Wednesday, December 5, 2012

Interview: Judd Nelson Talks Bad Kids Go to Hell

Interview: Judd Nelson Talks 'Bad Kids Go to Hell,' Written by: Karen Benardello

The children of rich, powerful and influential leaders in the community, particularly those dealing the emotionally confusing time of adolescence, can often feel like they deserve to get everything they want, and they don’t have to suffer the consequences of their actions. But in the new independent, low-budget comedy mystery thriller ‘Bad Kids Go to Hell,’ which is based on the popular 2010 graphic novel of the same name, the spoiled students are forced to finally contend with their conflicts on their own. Described as a mix between ‘The Grudge’ and ‘The Breakfast Club,’ ‘Bad Kids Go to Hell’ shows how ill-prepared the teens are to cope with the ghosts of their past.

‘Bad Kids Go to Hell’ follows six students, including Tricia Wilkes (played by Ali Faulkner) and Matt Clark (portrayed by Cameron Deane Stewart), from the prestigious private high school, Crestview, as they’re placed in detention on a stormy Saturday afternoon by Headmaster Nash (played by Judd Nelson). While Matt must contend with not letting his parole officer find out he’s in detention, he must also deal with the other five students fighting over a shared secret. However, during the eight-hour incarceration, each of the students fall victim to a horrible accident, until one one remains. They try to figure out if one of their classmates is secretly evening the school’s social playing field, or if one of Crestview’s ghosts if finally coming to punish them.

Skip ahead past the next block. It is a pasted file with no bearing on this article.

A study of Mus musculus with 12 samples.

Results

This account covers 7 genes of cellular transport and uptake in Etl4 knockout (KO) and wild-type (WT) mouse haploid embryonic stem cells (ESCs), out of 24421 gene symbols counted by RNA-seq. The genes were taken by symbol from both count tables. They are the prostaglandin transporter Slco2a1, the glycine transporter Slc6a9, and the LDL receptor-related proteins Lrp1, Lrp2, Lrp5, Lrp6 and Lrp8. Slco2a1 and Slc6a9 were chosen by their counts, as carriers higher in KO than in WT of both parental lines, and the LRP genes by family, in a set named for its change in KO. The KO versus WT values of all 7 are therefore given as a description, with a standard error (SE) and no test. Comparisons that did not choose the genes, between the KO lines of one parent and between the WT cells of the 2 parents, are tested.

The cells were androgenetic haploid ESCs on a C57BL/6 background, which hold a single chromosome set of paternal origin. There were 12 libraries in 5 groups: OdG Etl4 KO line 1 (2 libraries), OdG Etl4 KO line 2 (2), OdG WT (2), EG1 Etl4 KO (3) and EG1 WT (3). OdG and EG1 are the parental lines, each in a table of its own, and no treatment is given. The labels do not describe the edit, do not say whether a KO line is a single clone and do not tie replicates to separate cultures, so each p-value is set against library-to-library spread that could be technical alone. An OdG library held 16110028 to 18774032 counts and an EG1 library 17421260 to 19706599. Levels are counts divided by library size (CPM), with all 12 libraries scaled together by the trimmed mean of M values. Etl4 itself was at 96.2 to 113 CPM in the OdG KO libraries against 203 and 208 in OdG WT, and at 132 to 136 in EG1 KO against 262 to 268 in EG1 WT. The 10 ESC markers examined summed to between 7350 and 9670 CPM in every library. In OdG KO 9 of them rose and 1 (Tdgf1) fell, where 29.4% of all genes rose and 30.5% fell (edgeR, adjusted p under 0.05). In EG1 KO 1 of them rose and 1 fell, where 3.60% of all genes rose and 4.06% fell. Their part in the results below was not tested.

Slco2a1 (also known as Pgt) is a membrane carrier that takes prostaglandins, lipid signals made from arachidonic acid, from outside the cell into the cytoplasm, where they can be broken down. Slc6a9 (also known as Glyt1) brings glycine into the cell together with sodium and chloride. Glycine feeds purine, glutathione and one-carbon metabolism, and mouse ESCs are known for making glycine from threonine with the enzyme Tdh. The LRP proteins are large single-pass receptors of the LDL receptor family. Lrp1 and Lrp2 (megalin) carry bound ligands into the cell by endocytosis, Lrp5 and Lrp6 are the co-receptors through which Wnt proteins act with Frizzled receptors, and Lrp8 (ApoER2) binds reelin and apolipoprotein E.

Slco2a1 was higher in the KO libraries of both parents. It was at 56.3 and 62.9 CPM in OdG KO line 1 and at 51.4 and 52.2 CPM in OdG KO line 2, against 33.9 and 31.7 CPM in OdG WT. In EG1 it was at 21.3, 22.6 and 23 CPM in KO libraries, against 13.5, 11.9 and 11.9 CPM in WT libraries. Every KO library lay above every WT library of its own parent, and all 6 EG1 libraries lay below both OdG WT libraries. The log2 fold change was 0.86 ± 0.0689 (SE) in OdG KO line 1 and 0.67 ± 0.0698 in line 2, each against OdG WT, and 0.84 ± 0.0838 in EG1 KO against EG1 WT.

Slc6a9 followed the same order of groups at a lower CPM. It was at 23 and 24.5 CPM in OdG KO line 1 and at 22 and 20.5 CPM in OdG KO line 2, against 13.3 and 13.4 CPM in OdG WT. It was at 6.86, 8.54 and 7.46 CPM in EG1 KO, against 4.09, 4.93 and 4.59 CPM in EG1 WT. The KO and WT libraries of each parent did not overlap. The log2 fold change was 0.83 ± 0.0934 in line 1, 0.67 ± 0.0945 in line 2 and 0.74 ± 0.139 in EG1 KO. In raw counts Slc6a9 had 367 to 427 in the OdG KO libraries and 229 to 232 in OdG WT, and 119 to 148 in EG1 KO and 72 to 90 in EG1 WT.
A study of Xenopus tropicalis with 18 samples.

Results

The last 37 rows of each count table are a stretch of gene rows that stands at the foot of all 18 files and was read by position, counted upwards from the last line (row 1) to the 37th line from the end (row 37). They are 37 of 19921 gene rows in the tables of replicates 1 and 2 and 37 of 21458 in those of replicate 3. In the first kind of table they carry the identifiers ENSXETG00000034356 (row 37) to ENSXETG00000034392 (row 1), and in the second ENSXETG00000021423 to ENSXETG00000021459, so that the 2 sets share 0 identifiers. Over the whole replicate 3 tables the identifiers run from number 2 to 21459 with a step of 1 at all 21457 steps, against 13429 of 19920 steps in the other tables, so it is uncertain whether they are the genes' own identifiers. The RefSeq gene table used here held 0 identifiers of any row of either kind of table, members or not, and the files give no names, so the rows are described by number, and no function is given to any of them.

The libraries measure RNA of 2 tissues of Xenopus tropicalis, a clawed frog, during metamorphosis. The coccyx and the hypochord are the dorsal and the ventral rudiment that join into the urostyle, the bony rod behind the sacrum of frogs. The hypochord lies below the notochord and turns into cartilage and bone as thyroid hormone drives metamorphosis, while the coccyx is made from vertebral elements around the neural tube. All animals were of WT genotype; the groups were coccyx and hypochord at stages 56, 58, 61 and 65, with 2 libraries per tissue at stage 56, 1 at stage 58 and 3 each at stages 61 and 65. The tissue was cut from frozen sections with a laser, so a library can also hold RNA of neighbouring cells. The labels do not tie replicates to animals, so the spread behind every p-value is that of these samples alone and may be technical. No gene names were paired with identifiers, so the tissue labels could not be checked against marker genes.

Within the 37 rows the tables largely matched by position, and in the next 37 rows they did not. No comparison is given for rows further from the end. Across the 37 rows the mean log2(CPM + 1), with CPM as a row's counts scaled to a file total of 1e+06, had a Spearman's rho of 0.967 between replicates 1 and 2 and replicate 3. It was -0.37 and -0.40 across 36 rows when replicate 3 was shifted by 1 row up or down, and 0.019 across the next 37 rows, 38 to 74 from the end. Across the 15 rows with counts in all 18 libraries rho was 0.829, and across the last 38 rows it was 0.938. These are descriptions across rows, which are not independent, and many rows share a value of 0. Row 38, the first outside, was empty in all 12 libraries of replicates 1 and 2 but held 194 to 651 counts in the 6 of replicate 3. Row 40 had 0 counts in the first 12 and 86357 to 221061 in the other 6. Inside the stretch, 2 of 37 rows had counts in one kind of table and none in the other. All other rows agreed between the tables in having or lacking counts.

Nelson generously took the time to speak with us over the phone recently about filming ‘Bad Kids Go to Hell.’ Among other things, the actors discussed why he wanted to play the role of Headmaster Nash in the comedy mystery thriller; what it was like working with first-time feature film writer-director Matthew Spradlin, who co-wrote the graphic novels, and his younger castmates; the experience of shooting a movie based on a graphic novel and what it was like promoting the movie at this year’s San Diego Comic-Con.

ShockYa (SY): You play Headmaster Nash, who gives six students, the spoiled offspring of society’s elite, from his prep school Crestview Academy Saturday detention, in ‘Bad Kids Go to Hell.’ What was it about the character and the script overall that convinced you to take on the role?

Judd Nelson (JN): Well, I read the graphic novel, and I thought it was a lot of fun. I thought, it doesn’t take itself too seriously. These are horrible kids, and they get the justice they deserve. It seemed like a fun thing to be a part of, and it was.

SY: Speaking of the graphic novel, were you familiar with the novel at all before you signed onto appear in the film? Did you reference the novel at all when you were preparing to shoot the movie?

JN: I was familiar with it. But you don’t necessarily reference it, because on a certain level, a graphic novel has to answer to a different higher power. I was worried that we were going to do the graphic novel a disservice by making the film live action. But they kept it very true to the graphic novel.

We don’t necessarily look like the artwork, because we couldn’t match it exactly. But it’s pretty close to the story. The bad kids get punished for what they do. There’s nothing funnier than that.

SY: While ‘Bad Kids Go to Hell’ is a comedy, it also has horror and thriller elements in the story. Were there any horror or thriller films that you like, or referenced, while preparing for this movie?

JN: Well, I didn’t watch any to prepare for this. But I love scary movies. When I was a kid, I would love to scare the crap out of myself. To this day, I still think ‘Jaws’ is the scariest movie. I don’t think I’m alone when I go in that water, I’m hearing that music. (imitates ‘Jaws’ theme music)

I really like scary movies and zombie movies and gory movies and suspenseful movies. I’ll tell you, I was very impressed when I saw the first ‘Saw.’ I was like, wow, that’s a great film. ‘The Exorcist’ is also incredible. It’s a horror film, but also quite a drama.

To continue reading this interview, please visit Shockya.